Online Program

Community Readiness Model: Addressing Black Infant Mortality Disparity in Columbus, Ohio

Tuesday, November 3, 2015

Wengora Thompson, MPH, School of Public Health Initiative, Jackson State University, Jackson, MS
Melissa Thomas, PhD, MSPH, MSA, MCHES, CN-BP, C.CHW, Office of Health Equity, OhioHealth Research & Innovation Institute, Columbus, OH
Haley Riegel, MPH, CHES, Office of Health Equity, OhioHealth Research & Innovation Institute, Columbus, OH
LaKeesha Leonard, MS, College of Education and Human Ecology, The Ohio State University, Columbus, OH
In comparison to other wealthy countries, the United States ranks near the bottom for infant mortality.  Ohio’s black infant mortality rates are the second worst in the country.  In 2012, Franklin county black infants died at more than twice the rate of white infants, 12.9 and 6.0, respectively. Assessing a community’s readiness to address the issues of infant mortality is a critical factor in implementing effective interventions to address health disparities but has not been assessed within Ohio’s urban area.  The Community Readiness Model (CRM), a theoretical basis for understanding and increasing community readiness, was implemented to measure community attitudes, perceptions, and knowledge regarding black infant mortality within Columbus.

     Semi-structured key informant interviews with community leaders from in five “hot spot” areas with the highest black infant mortality rates in Franklin County.  The interview primarily consisted of open-ended questions within the following five dimensions: community knowledge of the issue, community knowledge of efforts, community climate, leadership, and resources. The interviews were transcribed, and a mixed-method approach was employed using a quantitative scoring process of the CRM and a thematic analysis of key words. 

     Findings of the Community Readiness assessment validated our study hypothesis about the lack of robust awareness about the issues of black infant mortality amongst community members and leadership.  Results from the study helped guide stage-appropriate strategies provided in the CRM. Recommendations to engage the community included unconventional partnerships, target media campaigns, faith community involvement, planned interventions addressing the social determinants of health and engagement of community leaders.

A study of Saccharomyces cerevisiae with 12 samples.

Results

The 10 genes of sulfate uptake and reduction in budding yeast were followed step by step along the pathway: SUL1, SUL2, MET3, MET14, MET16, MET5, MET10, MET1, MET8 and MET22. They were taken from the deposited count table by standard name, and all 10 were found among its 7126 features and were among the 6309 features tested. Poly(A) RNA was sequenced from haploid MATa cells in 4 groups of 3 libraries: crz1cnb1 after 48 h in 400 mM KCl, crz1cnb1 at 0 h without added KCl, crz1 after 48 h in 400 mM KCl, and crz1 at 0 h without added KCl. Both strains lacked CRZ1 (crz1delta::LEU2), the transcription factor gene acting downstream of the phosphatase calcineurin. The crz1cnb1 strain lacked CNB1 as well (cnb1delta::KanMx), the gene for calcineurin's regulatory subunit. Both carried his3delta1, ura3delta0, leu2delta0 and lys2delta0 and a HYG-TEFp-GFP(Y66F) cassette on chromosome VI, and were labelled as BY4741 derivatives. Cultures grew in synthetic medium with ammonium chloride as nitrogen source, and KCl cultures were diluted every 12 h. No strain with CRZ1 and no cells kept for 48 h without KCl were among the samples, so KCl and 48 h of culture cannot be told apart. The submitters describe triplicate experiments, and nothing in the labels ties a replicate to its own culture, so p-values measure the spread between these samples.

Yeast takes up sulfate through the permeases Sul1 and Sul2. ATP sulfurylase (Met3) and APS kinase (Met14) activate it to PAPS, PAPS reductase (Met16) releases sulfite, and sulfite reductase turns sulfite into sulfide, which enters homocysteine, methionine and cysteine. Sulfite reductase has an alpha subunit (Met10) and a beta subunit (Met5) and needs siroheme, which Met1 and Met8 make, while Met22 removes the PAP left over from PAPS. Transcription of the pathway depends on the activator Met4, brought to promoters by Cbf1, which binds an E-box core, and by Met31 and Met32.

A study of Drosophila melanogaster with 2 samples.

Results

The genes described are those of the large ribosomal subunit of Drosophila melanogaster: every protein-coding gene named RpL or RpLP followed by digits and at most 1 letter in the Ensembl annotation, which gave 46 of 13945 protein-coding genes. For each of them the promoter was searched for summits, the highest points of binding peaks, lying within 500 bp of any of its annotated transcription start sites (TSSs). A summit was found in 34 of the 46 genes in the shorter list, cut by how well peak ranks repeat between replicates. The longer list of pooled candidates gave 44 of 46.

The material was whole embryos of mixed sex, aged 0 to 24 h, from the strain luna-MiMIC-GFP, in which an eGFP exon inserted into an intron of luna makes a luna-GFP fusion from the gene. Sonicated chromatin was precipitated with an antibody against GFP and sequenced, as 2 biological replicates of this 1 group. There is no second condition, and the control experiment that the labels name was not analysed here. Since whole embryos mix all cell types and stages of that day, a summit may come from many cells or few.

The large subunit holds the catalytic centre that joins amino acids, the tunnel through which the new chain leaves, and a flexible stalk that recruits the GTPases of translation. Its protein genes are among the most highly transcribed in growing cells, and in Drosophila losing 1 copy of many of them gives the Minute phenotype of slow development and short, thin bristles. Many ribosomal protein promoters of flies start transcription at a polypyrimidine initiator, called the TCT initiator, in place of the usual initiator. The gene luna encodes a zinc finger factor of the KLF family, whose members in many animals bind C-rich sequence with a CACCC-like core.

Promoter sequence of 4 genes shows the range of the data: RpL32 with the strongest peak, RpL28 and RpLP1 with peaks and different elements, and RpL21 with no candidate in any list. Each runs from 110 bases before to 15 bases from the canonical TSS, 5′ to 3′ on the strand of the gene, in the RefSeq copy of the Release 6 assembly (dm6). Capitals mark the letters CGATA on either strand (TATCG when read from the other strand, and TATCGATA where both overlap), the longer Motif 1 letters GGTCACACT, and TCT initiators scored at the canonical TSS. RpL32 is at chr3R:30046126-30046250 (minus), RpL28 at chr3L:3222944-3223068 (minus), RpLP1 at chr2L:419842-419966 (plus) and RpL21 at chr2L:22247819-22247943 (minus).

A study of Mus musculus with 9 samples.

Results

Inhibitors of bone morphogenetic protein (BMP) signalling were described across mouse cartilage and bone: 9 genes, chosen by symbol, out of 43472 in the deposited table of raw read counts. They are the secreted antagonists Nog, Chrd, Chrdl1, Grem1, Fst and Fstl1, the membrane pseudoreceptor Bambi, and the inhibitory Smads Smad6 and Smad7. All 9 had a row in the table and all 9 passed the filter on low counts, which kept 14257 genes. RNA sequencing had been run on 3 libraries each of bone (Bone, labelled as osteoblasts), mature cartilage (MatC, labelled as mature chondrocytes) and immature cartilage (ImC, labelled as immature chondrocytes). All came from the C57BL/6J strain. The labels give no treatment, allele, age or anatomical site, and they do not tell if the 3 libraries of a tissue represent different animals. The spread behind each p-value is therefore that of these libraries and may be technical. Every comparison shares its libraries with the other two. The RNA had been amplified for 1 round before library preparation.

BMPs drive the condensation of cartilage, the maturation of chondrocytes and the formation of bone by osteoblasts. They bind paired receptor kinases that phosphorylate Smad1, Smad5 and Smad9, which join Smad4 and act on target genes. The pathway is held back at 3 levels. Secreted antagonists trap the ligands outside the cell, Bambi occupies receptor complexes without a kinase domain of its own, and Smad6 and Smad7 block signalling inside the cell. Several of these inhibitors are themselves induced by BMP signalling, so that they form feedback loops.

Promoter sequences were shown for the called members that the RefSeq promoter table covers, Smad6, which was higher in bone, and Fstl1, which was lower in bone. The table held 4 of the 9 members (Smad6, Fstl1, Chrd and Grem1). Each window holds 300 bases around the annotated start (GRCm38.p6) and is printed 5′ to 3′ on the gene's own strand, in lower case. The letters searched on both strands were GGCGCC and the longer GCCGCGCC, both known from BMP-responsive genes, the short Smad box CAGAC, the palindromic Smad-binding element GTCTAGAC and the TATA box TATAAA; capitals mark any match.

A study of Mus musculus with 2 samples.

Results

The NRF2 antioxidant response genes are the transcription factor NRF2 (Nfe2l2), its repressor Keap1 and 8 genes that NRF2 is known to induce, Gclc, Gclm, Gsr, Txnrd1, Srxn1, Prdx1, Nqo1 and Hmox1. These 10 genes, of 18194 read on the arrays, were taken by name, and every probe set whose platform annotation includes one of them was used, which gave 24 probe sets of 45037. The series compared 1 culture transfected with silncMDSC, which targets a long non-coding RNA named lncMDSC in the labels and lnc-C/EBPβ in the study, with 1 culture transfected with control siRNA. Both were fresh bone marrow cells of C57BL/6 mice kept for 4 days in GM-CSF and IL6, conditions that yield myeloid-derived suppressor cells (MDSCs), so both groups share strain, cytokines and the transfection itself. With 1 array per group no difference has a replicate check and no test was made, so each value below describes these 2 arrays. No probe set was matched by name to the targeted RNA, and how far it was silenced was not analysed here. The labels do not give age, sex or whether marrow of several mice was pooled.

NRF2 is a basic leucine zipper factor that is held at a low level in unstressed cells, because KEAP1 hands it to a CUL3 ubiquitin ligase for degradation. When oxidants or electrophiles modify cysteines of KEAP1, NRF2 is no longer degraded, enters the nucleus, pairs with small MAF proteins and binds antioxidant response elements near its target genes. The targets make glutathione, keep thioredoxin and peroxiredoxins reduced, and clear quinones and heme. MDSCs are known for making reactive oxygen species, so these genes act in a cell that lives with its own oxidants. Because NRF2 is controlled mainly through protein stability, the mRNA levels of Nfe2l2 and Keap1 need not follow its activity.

Learning Areas:

Administer health education strategies, interventions and programs
Assessment of individual and community needs for health education
Diversity and culture
Implementation of health education strategies, interventions and programs
Planning of health education strategies, interventions, and programs
Systems thinking models (conceptual and theoretical models), applications related to public health

Learning Objectives:
Demonstrate the utilization of the Community Readiness Model as it pertains to infant mortality interventions. Identify the 5 dimensions assessed to determine a community's stage of readiness for an intervention.

Keyword(s): Infant Mortality, Health Disparities/Inequities

Presenting author's disclosure statement:

Qualified on the content I am responsible for because: As a graduate student at the Ohio State University’s College of Public Health, I have experienced many opportunities that have informed me about Maternal and Child Health (MCH) issues. For the past 2 years, I have interned for the Ohio Department of Health’s (ODH) interim MCH Bureau Chief. Through participating in a myriad of activities at ODH, I have learned that community engagement is critical in working with populations impacted by disparities in health.
Any relevant financial relationships? No

I agree to comply with the American Public Health Association Conflict of Interest and Commercial Support Guidelines, and to disclose to the participants any off-label or experimental uses of a commercial product or service discussed in my presentation.